In some Gulf states, as well as many other Arab states, Islamists are endeavouring to play a larger political role, believing that this is the time of the Islamists, or rather the time of “political Islam.” At this point, we must clarify that when we use the term “Islam” in this instance, we are not talking about Islam as a religion or Muslims in general, but rather the political groups that use Islam as a name, in the same manner that some people incorporate the term “nationalism” or “liberalism” in the name of their political parties. However this is nothing more than a name being used by political groups, and does not mean that others are infidels, traitors or slaves. The name is just an attractive slogan whose objective is to garner popularity, legitimacy, immunity and power for the political groups in question.
The problem is not the Islamists’ right to the presidency should they win the elections, as has happened in Egypt and prior to this Tunisia. The real problem lies in the present interpretation of history. When Muhammad Mursi won the presidency of Egypt and took the oath of office before the Supreme Constitutional Court, this victory was echoed throughout our region not because he had won the elections but rather because he had taken power! Some people were confused about what this moment actually meant. Some Islamists, as well as their opponents, considered it to be the beginning of a rule that is no different than the military rule. They believe that Mursi and his companions will remain in power for another 60 years until they too are forcibly removed. Whilst the Islamists considered this to be their crowning moment in history, and senior Muslim Brotherhood member, Safwat Hijazi, joyously proclaimed: “This is the time of the United Islamist States.”
Some people believe that the new system regarding the transition of power will be precisely the same as the old, namely that rule is to be plundered. This is also the opinion of those who are angry over the victory of the Islamists and want to deny them the right to rule.
I have an opinion on this matter, and this is not a new one. I believe that contemporary Islamists are important for the development of the concept of the state. They can contribute to the building of a system of rule that will achieve stability and progress. The reason behind the failure of Egypt was that the revolution of 1952 – which brought the military to power – annulled all other powers including the Al-Wafd Party and the Islamists. This is also because some of the Islamists understanding of the concept of the state emanated from their conflict with Mubarak and the presidents that came before him. They have therefore been unable to absorb the concept of the civil state, namely a state not based on religion or the military. If the Islamists learn to understand and appreciate the civil state, they will have better luck in government than their opponents, particularly as Mursi came to power via the ballot boxes. However if they turn their back on the civil state like Hamas did in Gaza, they will lose all the gains they have made and Egypt will enter an endless state of conflict.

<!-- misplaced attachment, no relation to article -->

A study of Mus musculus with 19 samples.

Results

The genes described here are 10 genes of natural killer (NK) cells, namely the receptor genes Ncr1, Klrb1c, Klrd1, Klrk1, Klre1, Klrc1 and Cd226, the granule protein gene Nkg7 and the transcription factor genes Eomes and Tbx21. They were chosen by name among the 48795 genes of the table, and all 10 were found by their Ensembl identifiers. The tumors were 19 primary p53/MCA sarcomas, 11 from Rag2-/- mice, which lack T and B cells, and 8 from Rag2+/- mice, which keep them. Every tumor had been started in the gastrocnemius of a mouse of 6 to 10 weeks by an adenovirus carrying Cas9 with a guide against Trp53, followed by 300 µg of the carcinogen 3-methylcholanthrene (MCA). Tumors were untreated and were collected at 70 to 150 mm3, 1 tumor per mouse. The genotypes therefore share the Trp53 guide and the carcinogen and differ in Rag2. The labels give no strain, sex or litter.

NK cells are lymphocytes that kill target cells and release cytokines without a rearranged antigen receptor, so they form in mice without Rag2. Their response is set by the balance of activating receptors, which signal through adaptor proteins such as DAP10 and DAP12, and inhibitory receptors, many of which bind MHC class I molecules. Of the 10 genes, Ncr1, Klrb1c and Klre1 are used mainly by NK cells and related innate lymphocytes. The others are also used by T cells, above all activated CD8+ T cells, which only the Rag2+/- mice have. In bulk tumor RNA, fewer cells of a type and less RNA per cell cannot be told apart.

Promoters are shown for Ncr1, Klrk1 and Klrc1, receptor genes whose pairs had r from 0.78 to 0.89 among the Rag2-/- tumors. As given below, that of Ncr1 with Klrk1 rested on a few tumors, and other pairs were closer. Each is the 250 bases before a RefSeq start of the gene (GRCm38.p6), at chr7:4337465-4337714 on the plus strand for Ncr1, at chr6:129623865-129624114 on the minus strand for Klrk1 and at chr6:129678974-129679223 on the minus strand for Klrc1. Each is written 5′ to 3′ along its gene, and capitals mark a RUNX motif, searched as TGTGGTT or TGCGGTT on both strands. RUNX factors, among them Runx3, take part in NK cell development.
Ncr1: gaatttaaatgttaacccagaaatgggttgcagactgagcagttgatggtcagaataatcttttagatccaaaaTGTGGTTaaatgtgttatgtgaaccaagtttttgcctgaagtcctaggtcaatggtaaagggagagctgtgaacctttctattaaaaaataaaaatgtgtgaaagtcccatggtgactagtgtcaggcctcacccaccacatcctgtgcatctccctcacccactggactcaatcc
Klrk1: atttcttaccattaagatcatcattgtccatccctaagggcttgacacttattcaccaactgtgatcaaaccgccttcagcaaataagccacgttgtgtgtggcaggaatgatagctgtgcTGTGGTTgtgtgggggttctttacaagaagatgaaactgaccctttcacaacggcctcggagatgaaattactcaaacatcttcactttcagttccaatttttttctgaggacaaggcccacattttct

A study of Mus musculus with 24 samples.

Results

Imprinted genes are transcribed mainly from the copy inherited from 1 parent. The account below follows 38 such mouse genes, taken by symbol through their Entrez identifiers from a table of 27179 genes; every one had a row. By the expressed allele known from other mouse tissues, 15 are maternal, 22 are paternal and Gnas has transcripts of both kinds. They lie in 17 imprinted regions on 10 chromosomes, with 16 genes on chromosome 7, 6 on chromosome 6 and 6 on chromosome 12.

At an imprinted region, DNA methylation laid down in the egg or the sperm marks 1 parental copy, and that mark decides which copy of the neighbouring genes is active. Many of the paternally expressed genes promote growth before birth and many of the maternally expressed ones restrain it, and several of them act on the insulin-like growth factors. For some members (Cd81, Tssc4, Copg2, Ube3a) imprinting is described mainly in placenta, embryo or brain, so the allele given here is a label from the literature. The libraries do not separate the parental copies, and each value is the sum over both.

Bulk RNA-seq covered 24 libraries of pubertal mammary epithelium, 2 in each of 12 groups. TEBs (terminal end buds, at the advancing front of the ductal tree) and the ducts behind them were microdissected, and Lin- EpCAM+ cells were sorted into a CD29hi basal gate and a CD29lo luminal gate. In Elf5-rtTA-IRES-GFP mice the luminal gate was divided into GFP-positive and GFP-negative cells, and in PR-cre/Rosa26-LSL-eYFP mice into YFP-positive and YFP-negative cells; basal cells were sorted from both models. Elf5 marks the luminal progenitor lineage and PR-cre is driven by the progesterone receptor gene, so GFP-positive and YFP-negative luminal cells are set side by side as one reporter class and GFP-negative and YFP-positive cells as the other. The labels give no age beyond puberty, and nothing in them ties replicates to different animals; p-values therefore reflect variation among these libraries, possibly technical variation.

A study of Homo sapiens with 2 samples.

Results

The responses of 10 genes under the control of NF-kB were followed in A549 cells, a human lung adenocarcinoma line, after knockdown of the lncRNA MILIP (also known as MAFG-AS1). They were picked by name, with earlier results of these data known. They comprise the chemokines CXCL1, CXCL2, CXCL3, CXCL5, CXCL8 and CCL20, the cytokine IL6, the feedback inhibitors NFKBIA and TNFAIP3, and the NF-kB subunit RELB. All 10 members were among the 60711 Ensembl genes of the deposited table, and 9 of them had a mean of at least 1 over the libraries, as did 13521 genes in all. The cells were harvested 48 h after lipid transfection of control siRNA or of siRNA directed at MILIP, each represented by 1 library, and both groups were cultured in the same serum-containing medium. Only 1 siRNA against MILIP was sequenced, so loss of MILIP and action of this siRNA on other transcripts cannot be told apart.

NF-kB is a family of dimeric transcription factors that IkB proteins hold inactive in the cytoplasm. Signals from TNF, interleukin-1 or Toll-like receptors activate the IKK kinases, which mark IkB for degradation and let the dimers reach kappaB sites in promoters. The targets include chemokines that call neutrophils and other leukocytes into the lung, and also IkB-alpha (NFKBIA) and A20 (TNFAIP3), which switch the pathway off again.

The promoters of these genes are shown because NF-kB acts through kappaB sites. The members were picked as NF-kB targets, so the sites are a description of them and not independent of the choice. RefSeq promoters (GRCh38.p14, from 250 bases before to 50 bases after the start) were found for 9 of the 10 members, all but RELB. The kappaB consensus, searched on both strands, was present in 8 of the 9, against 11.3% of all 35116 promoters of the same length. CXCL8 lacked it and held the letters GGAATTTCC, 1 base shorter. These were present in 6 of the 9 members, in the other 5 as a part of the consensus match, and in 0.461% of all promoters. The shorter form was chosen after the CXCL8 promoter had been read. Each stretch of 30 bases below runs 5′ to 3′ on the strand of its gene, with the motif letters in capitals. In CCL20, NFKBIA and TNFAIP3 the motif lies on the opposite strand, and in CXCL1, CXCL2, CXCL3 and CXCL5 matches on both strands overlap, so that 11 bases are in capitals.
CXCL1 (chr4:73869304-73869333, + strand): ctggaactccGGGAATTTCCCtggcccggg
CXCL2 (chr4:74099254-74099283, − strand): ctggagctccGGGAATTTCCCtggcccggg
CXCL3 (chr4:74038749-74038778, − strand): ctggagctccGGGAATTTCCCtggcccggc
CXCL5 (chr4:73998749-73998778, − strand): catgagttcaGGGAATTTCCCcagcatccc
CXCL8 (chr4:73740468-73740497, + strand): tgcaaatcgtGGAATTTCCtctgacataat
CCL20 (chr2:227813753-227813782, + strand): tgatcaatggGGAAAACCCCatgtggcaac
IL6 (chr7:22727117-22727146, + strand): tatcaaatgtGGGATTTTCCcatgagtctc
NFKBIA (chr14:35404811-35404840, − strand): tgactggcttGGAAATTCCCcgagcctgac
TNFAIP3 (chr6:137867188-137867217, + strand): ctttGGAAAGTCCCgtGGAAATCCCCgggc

I do not imagine that the Egyptians, who got rid of totalitarian military rule, will succumb to a similar form of religious rule. It is not true that people will accept anybody who raises the slogan of Islam. The Al Qaeda organization has attempted to use the motto of Islam and failed. The rulers in Sudan raised the banner of Islam and also failed. Iran is the best example of a country that uses Islam as a cover, and it also has failed. The Iranian rule is using the name of Islam, whilst in reality it possess all the shortcomings of Mubarak’s rule in Egypt, Gaddafi in Libya and Ali Abdullah Saleh in Yemen, in terms of corruption, oppression and administrative failure.
We must also not forget that what is happening in Egypt is a liberal democratic change, not the imposition of an Islamic caliphate. After much deliberation, the Islamists of Egypt named themselves the Freedom and Justice Party. This is a liberal name, expressing the Islamists understanding of the new political culture. It also demonstrates the Islamists awareness that the majority of those who risked their lives and got rid of Mubarak were university students, studying at Cairo University and the American University in Cairo, rather than al-Azhar University. These students, who were among the first to take to the streets against Mubarak, did not vote for Mursi during the recently-concluded presidential elections. Whilst it is true that their candidate, Ahmed Shafiq, did not win, they nevertheless remain a large proportion of Egyptian society, just less than half of all eligible voters. As for the current political system in Tunisia, this is a liberal one, just like the political system in Egypt, despite the fact that the rulers in both countries are Islamists.